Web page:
There are a lot of short films out there based on Stephen King's short stories, largely because of King's "dollar babies" program, which permits film students to pay a buck for the rights to make a non-commercial adaptation of one of King's short stories. But short films based on his novels are much rarer, because the adaptation rights are largely owned by other people. That's certainly true of The Long Walk, King's 1979 novel about a dystopic future where a popular national sport consists of a hundred teenagers walking cross-country in a marathon that only one of them will survive. It's surprising that the book has never been adapted to film, given how perfectly suitable it is for the low-budget indie-horror treatment, and given how neatly it slots into the tragic-future young-adult-novel trend that's taken over cinemas since The Hunger Games. But longtime King fan Frank Darabont (director of the King adaptations The Shawshank Redemption, The Green Mile, and The Mist) has been hanging onto the movie rights to The Long Walk for years, saying he'll get around to the film eventually.
In the meantime, fans will have to be content with this recent fan adaptation, a striking, bloody animated short that adapts a monologue in the book, and draws on some of the story's ending. It functions as a perfect teaser for the novel, which is one of King's best.
The animator is Adriano Gazza, a 41-year-old British motion graphics designer who's made a series of music videos and other short side projects while working as an illustrator and graphic designer. This is his first short film. "I kept thinking it would make a brilliant film," he told The Verge. "It became an ongoing joke with my friends that I would make the film one day! But people kept encouraging me, and over the years, I got more into making videos and it became a more tangible proposition."
Gazza started work on the project five years ago, initially planning it as a live-action short. "I storyboarded elements and had the bones of a script," he says, "but there was so much material to condense that I eventually drifted away from it. Then I thought, ‘Let's make this by myself, as an animation, so I can control when I work on it, and don't have to wait on other people's schedules.'" One advantage to that approach: Gazza has two small children and not a lot of free time, so he was only really free to work on the project while he was commuting to work.
"I wrote a new script, then storyboarded it all on my iPad and phone. I spent a year testing animation styles — rotoscoping and 3D — using apps on my iPad. It's amazing what's out there. But nothing would give me the consistent look I was after. I finally found a great piece of software / resource on my Mac called Mixamo, which allows you to build 3D characters from its Fuse program, then upload to the site and add motion-capture data." Gazza used Cinema 4D for the 3D work, and added effects, overlays, and additional graphic elements (like that creepy "in his feet" text, drawn in veins) in After Effects, Photoshop, and Illustrator. "I love to play with textures and collage in my illustration and animation work," he says, "so I experimented a lot, too."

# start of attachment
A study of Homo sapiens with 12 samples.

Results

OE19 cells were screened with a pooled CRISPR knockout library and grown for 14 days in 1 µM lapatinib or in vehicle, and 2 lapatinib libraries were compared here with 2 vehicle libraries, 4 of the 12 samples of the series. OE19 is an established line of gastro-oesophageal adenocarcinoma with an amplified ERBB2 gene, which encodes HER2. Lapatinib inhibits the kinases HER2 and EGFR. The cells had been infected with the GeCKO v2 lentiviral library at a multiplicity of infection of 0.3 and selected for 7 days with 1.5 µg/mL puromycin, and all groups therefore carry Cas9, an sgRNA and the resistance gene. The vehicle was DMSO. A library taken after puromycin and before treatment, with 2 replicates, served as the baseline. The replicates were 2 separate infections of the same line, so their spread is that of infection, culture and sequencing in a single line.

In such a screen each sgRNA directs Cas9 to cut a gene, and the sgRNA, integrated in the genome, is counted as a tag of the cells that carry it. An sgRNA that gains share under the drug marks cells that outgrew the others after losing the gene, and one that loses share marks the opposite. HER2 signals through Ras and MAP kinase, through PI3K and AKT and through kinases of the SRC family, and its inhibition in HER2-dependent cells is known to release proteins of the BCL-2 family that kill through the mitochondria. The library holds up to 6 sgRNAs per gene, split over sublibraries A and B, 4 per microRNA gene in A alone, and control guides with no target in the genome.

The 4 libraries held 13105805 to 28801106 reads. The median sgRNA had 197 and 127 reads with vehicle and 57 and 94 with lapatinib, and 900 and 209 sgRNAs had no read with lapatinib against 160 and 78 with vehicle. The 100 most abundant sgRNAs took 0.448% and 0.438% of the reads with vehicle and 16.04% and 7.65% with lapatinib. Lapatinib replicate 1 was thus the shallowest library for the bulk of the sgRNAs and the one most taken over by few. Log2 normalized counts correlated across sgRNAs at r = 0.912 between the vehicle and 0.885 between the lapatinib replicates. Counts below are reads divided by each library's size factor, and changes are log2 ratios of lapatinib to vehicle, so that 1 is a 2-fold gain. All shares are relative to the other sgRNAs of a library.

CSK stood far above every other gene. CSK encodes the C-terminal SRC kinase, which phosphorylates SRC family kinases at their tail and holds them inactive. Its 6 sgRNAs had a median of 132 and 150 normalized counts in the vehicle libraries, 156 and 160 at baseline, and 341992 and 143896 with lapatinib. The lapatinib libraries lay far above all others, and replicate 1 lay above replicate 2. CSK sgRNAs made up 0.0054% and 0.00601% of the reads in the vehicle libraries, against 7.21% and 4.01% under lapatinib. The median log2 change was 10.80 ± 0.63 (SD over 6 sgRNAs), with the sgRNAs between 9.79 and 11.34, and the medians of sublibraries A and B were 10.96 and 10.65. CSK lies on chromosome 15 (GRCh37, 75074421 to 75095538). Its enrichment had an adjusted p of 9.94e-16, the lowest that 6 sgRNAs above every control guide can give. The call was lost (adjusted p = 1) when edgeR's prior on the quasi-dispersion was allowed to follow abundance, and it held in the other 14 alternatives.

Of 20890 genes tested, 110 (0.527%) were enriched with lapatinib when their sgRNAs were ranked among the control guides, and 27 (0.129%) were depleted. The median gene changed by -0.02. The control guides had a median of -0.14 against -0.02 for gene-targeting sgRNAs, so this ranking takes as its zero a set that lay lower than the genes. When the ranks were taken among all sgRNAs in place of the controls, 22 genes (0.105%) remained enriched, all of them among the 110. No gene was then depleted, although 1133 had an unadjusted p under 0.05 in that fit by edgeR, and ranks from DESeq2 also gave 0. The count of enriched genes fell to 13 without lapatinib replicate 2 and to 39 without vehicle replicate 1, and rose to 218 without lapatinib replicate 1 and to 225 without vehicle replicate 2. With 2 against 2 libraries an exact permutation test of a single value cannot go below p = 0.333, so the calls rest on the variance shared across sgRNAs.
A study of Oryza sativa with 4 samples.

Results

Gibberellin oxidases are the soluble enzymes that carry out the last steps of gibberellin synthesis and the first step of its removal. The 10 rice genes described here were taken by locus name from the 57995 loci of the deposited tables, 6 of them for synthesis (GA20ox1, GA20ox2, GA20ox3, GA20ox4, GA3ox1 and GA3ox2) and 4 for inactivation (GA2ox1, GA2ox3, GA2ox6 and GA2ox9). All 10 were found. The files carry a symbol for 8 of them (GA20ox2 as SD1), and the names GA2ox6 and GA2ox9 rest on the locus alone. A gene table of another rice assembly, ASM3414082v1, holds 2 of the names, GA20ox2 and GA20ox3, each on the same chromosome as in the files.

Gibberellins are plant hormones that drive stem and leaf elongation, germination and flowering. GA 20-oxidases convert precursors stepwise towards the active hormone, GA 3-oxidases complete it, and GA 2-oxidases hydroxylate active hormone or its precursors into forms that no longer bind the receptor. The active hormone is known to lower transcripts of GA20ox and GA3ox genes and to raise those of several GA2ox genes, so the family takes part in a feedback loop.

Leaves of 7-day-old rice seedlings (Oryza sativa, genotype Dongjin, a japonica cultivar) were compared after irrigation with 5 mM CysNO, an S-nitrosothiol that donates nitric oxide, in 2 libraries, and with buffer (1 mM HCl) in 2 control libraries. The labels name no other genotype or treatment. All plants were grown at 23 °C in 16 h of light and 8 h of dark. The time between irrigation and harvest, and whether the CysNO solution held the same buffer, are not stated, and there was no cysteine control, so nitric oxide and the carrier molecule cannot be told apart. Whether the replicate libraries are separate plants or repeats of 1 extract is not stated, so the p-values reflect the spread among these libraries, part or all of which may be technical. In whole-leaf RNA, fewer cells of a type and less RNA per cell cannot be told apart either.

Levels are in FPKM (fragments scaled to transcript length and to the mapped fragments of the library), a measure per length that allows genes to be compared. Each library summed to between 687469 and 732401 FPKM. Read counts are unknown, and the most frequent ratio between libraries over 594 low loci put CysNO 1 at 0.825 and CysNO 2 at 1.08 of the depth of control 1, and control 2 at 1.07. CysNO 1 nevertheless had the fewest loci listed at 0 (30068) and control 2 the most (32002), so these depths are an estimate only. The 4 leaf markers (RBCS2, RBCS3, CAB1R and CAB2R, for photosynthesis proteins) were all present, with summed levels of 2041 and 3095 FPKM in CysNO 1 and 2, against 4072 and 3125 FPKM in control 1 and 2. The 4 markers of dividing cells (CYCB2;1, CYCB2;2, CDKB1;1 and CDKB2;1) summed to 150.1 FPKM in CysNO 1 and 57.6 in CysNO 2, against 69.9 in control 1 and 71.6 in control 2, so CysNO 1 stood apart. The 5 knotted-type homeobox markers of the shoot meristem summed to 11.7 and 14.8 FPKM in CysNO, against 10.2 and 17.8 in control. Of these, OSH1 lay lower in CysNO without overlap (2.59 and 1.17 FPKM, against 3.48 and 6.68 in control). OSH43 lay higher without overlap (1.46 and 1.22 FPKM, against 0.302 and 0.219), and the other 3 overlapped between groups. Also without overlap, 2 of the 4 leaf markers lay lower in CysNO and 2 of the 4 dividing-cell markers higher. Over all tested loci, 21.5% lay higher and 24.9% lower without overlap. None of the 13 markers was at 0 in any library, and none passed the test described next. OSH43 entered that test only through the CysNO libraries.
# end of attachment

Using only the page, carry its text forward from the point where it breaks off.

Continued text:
Gazza says the hard part of the film was figuring out how to condense the novel down to short-film length, but other parts were easier. The soundtrack came from his best friend, a Los Angeles-based musician who records as Small Magellanic Cloud. And the shifting animation and narrative styles emerged naturally out of King's book. "I wanted to make the film start off literally and set the scene, and then slowly feel like a descent into a hallucinogenic nightmare, to mirror the exhaustion of the walkers. This way, I could interweave fantasy elements and use visual devices to transition scenes, so the whole film felt cohesive. There are some great descriptive scenes in the book, including one where King describes the crowd turning into a giant spider, possibly due to the extreme fatigue of the participants. One of the great inspirations for me was the film of Pink Floyd's The Wall — specifically, Gerald Scarfe and team's outstanding, nightmarish animations. I would have loved to have had the spider scene in the film, but couldn't find a place for it. Maybe in my next film!"
Update December 5, 12:00PM ET: Gazza informs us that he's received a cease-and-desist letter from King's lawyers, and has had to remove his short from Vimeo, so it's no longer available online.